As far as altering other items during the course of designing a costume for a cosplay, you should treat it like make up on a women: less is more. The less alterations to something, like a shirt, you have to do, the better off you’ll be overall. Too many times have I ruined a perfectly good shirt for one cosplay only to realize after the fact how many other cosplays I could have used that shirt for. Ray Lundgren from GunXSword is my ‘paragon’ to this blunder; ruined a perfectly good long-sleeved black shirt, which was/is the basis for all my cosplays.
Also, when it comes to cutting corners with cosplays (without ruing the integrity & quality of the overall cosplay), being able to make your costume in such a way that you have a little bit of wiggle room, as it were, is also a great skill to master/learn. The amount of time, work, effort, & even money it may take to get the exact approximations of your size to make your costume may be a little bit too much than what you have time, patience, & money for, so learning how to make costumes in such a way where you have room to adjust, to me, is much more preferable than the more tedious route of getting exact measurements. Of course, when you go the route of having your costume custom made by a seamstress/friend, then exact measurements are paramount, however, a majority of my advice is going to be geared towards DIY & not having someone else do it for you, so yeah… In either case, learning how to make costumes that can, essentially, be adjustable can be far easier & more ‘doable’ in the long run vs. precision measurements, at least in my opinion ~.~
So, to ‘keep things simple stupid’ (which I’m also going to do another article about), here are 2 things that are always a ‘cosplayer’s best friend’ when it comes to making costumes…
Duct tape & Velcro.
Duct Tape –
With duct tape, short term alterations to an item, namely shirts, pants, & the like, become way easier to do & possible to accomplish than what they normally would be, &, of course, far less damaging to the item you’re altering. For example, my Rin Tohsaka (Fate/Stay Night) cosplay involved a red turtle neck long-sleeved shirt that needed to be altered to; a) have points in the back & front; b) a cross design in the chest area of the shirt…
…So, instead of painting the white cross design & cutting the shirt to have the points, permanently ruining a pretty snazzy turtle neck in the process, I simply folded in some parts of the bottom of the shirt & taped them, bought me one of those duct tape sheets you can get at Michaels or A.C. Moores, and cut out the cross design & stuck it on the shirt…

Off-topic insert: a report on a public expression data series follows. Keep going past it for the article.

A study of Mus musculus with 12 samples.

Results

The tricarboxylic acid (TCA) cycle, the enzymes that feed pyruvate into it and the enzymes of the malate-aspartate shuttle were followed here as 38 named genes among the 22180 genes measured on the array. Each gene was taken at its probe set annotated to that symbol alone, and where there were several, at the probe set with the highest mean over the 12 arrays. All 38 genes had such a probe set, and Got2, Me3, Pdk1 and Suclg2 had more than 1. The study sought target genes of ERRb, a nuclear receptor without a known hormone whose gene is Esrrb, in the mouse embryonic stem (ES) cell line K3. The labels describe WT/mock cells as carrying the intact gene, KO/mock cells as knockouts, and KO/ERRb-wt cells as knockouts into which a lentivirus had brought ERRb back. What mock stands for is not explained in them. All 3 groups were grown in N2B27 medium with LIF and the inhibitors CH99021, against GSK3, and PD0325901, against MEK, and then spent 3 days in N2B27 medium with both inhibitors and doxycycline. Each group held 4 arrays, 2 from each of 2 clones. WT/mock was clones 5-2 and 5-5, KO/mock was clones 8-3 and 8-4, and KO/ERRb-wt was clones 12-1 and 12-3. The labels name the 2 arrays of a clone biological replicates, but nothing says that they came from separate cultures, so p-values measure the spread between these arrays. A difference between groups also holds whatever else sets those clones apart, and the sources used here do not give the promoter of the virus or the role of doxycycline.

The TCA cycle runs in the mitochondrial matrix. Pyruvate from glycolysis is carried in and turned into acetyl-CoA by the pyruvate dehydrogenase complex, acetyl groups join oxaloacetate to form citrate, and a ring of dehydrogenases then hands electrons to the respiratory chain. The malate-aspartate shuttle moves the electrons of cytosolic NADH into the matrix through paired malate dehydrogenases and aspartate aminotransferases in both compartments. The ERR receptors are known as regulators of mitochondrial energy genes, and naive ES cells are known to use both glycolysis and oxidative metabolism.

…I did this for Otakon 2012 & didn’t have any problems for the rest of the con with the shirt, the thigh highs, on the other hand…>.> (pro tip: garter belts are your friend ~.~) Besides easy temporary alterations, it can be easier to use duct tape to attain certain textures, create certain cosplay pieces (like armor or certain types of props), create certain designs, & the list goes on. In my case, I made some of my best props –for my Emiya Kiritsugu (Fate/Zero) cosplay- using almost exclusively duct tape (& aluminum foil for the base shape, which is great for creating the basic shapes for any prop), & they turned out awesomely.
So, to sum everything up, duct tape’s great to use for almost all aspects of your cosplay, readily available, fairly cheap, comes in a variety of colors, relatively easy to work with, & a great substitute for painting when you don’t have the time &/or space to spray paint or any other type of paint for that matter. Definite must have/recommend for any of your cosplay needs.
Something that’s perfect for making approximate measurements, Velcro. Like duct tape, it’s readily available as well as fairly inexpensive, & it’s very easy to use & easy to attach to almost any part of your cosplay. Whenever you don’t feel like getting exact measurements & you need enough room for adjustment, Velcro’s the way to go. Definitely a more efficient way than just tying knots with certain pieces & hoping you’ll be unable to undo it later, like with certain bows with a particular style & the like. It’s also a great option for using to connect certain parts of your costume vs. using buttons, zippers (that are supposed to be functional), & clasps, since you don’t necessarily need the preciseness you would with attaching buttons or clasps or have to deal with the tediousness of attaching the zippers to whatever part of your costume you need them on. It’s also great for things like belts & armor pieces where you need the ability to be able to adjust, granted, elastic can be just as good in those cases.
In all, Velcro’s just a great option to any cosplayer who needs to make a costume w/o approximate measurements & still have the cosplay look awesome & not half-a$$ed.
So, always remember, Velcro & duct tape are your best friends when making nice budget cosplays w/o sacrificing on the quality of the cosplay.